Making Home.

Alicia Kester


bald sky held up by water




fast glances across the bough

red clay kept safe between our toes


what do we call this place

that gets caught in our




home sits on the horizon

floating debris


at sea

we are cargo

on land

we are machines


in clapboard houses

insulated by newspaper

we are unsure of how to respond

to snow

we are lost


home lives in the last breath

of news




thin stories written in currency

that doesn't speak of kola nuts and broad fast smiles


"Chi chi" say the grandmothers

quick before the line is broken

let me tell you of your cousins


at work

we are knuckles cracking over steering wheels

and feet dragged along side brooms

at school

our skin is measured in kelvins

blue, purple, black black

absorbing but not reflecting


in studio apartments

and in-laws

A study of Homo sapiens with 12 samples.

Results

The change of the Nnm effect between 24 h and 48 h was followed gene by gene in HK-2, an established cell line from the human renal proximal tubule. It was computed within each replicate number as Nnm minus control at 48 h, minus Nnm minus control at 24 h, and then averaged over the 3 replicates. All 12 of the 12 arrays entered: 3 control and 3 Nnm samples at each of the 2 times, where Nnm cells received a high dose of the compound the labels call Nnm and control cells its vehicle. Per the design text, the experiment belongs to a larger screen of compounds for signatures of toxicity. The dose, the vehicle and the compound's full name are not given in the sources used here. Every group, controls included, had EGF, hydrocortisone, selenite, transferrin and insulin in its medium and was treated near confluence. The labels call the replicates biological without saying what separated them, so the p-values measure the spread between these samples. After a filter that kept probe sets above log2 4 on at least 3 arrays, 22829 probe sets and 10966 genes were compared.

we are the conquerors of cockroaches

and the hangers of flags


Palms red and empty

Home is wedged

in our throats

waiting for us


shake, shake, shake

said the girls kicking up dust on the roads

we remember

shake, shake, shake

free the dirt that we keep

and cling to this concrete.


"This poem reflects the immigrant experience, particularly the African immigrant experience, in America. Carrying echoes of Africans forcibly imported during the slave trade, the modern depiction of African immigrants in the poem superimposes nostalgia and memory over geographic distance. The piece infuses notions of materialism and technological modernity to capture a sense of othering that disconnects the subjects from both where they are now and where they are from." 

Alicia Kester is a writer and filmmaker living in the Bay Area. Most recently you can find her piece "Snakeskin" in the anthology G.R.I.T.S. - Girls Raised In the South: An Anthology of Southern Queer Womyns' Voices and Their Allies. She has also recently produced the film El Camino with the filmmaker collaborative and production company Light Show Pictures. Alicia is currently writing and directing a new film project for Light Show Pictures and writing a play based on the poem "Snakeskin."